The Works of J. W. von Goethe/Volume 9/Epilogue to Schiller's "Song of the Bell"


[This fine piece, written originally in 1805, on Schiller's death, was altered and recast by Goethe in 1815, on the occasion of the performance on the stage of the "Song of the Bell." Hence the allusion in the last verse.]

To this city joy reveal it!
Peace as its first signal peal it!
Song of the Bell—concluding lines.

And so it proved! The nation felt, ere long,
That peaceful signal, and, with blessings fraught,
A new-born joy appeared; in gladsome song
To hail the youthful princely pair we sought;
While in the living, ever-swelling throng
Mingled the crowds from every region brought,
And on the stage, in festal pomp arrayed,
The Homage of the Arts[1] we saw displayed.

When, lo! a fearful midnight sound I hear,
That with a dull and mournful echo rings.
And can it be that of our friend so dear
It tells, to whom each wish so fondly clings?
Shall death o'ercome a life that all revere?
How such a loss to all confusion brings!
How such a parting we must ever rue!
The world is weeping—shall not we weep, too?

He was our own! How social, yet how great
Seemed in the light of day his noble mind!
How was his nature, pleasing yet sedate,
Now for glad converse joyously inclined,
Then swiftly changing, spirit-fraught, elate,
Life's plan with deep-felt meaning it designed,
Fruitful alike in counsel and in deed!
This have we proved, this tested, in our need.

He was our own! Oh, may that thought so blest
O'ercome the voice of wailing and of woe!
He might have sought the Lasting, safe at rest
In harbour, when the tempest ceased to blow.
Meanwhile his mighty spirit onward pressed
Where goodness, beauty, truth, for ever grow;
And in his rear, in shadowy outline, lay
The vulgar, which we all, alas, obey!

Now doth he deck the garden-turret fair
Where the stars' language first illumed his soul,
As secretly yet clearly through the air
On the eterne, the living sense it stole;
And to his own, and our great profit, there
Exchangeth to the seasons as they roll;
Thus nobly doth he vanquish, with renown,
The twilight and the night that weigh us down.

Brighter now glowed his cheek, and still more bright,
With that unchanging ever-youthful glow,—
That courage which o'ercomes, in hard-fought fight,
Sooner or later, every earthly foe,—
That faith which, soaring to the realms of light,
Now boldly presseth on, now bendeth low,
So that the good may work, wax, thrive amain.
So that the day the noble may attain.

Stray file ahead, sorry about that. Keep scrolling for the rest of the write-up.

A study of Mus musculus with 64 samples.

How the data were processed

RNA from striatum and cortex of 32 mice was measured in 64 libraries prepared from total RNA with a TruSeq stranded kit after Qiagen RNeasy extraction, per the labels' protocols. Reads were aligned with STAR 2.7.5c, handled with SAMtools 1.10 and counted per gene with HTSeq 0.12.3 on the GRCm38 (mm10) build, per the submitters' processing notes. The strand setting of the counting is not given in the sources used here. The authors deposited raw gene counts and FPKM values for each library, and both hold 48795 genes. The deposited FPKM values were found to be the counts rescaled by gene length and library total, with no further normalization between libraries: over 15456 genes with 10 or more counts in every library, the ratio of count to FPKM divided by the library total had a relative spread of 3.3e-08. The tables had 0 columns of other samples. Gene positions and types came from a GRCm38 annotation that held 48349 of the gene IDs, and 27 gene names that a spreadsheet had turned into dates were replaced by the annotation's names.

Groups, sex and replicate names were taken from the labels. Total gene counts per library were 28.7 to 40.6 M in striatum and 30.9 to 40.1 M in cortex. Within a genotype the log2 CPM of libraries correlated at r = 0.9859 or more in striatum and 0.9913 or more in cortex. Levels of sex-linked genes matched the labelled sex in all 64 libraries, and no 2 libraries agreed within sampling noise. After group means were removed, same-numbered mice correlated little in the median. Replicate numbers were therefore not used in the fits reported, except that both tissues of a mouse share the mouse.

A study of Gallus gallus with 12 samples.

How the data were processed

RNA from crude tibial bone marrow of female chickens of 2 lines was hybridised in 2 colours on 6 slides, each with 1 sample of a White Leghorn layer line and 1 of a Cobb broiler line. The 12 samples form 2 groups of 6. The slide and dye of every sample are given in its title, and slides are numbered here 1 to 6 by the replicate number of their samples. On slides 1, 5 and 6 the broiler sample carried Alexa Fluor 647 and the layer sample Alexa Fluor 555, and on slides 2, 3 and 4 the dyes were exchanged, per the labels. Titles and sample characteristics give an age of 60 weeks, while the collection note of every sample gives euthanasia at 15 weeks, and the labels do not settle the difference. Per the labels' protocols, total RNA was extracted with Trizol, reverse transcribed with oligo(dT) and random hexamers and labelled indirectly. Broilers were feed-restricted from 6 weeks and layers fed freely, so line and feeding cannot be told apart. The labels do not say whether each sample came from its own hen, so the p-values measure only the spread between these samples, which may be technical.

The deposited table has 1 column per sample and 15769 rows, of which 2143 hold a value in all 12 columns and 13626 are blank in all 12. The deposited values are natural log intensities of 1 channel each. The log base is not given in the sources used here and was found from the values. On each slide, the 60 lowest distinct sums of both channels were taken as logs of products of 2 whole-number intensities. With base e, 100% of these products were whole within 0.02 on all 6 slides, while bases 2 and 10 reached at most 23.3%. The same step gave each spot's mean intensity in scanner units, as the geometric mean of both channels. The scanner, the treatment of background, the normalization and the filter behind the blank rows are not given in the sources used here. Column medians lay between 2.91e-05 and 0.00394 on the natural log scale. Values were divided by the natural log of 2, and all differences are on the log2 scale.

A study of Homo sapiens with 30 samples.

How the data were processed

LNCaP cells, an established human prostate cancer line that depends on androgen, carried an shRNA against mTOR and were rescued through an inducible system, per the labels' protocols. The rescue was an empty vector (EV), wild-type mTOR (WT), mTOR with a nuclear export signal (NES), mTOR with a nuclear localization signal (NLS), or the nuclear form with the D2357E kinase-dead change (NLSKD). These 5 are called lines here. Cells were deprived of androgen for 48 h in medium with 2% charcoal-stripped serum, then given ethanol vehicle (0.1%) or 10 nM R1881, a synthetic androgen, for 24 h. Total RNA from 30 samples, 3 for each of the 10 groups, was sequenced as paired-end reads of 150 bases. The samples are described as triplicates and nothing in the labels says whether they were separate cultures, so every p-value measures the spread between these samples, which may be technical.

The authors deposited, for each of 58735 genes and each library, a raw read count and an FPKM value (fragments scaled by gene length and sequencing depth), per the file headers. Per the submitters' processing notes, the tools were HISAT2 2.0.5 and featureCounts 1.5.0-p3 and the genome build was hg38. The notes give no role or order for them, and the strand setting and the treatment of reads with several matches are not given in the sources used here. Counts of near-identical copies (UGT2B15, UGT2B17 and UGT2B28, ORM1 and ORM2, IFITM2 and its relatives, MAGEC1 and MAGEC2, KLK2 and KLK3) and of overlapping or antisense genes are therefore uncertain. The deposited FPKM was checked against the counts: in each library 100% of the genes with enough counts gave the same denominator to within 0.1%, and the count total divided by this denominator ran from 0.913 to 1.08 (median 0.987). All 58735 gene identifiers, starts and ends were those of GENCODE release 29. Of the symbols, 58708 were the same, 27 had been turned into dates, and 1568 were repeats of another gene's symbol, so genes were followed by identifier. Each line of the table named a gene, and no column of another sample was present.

Yet, though so skilled, of such transcendent worth,
This boarded scaffold doth he not despise;
The fate that on its axis turns the earth
From day to night, here shows he to our eyes,
Raising, through many a work of glorious birth,
Art and the artist's fame up toward the skies.
He fills with blossoms of the noblest strife,
With life, itself, this effigy of life.

His giant-step, as ye full surely know,
Measured the circle of the will and deed,
Each country's changing thoughts and morals, too,
The darksome book with clearness could he read;
Yet how he, breathless 'midst his friends so true,
Despaired in sorrow, scarce from pain was freed,—
All this have we, in sadly happy years,
For he was ours, bewailed with feeling tears.

When from the agonising weight of grief
He raised his eyes upon the world again,
We showed him how his thoughts might find relief
From the uncertain present's heavy chain,
Gave his fresh-kindled mind a respite brief,
With kindly skill beguiling every pain,
And e'en at eve when setting was his sun,
From his wan cheeks a gentle smile we won.

Full early had he read the stern decree.
Sorrow and death to him, alas, were known;
Ofttimes recovering, now departed he,—
Dread tidings, that our hearts had feared to own!
Yet his transfigured being now can see
Itself, e'en here on earth, transfigured grown.
What his own age reproved, and deemed a crime,
Hath been ennobled now by death and time.

And many a soul that with him strove in fight,
And his great merit grudged to recognise,
Now feels the impress of his wondrous might,
And in his magic fetters gladly lies;
E'en to the highest hath he winged his flight,
In close communion linked with all we prize.
Extol him then! What mortals while they live
But half receive, posterity shall give.

Thus is he left us who so long ago,—
Ten years, alas, already!—turned from earth;
We all, to our great joy, his precepts know,
Oh, may the world confess their priceless worth!
In swelling tide toward every region flow
The thoughts that were his own peculiar birth;
He gleams like some departing meteor bright,
Combining, with his own, eternal light.

  1. The title of a lyric piece composed by Schiller in honour of the marriage of the hereditary Prince of Weimar to the Princess Maria of Russia, and performed in 1804.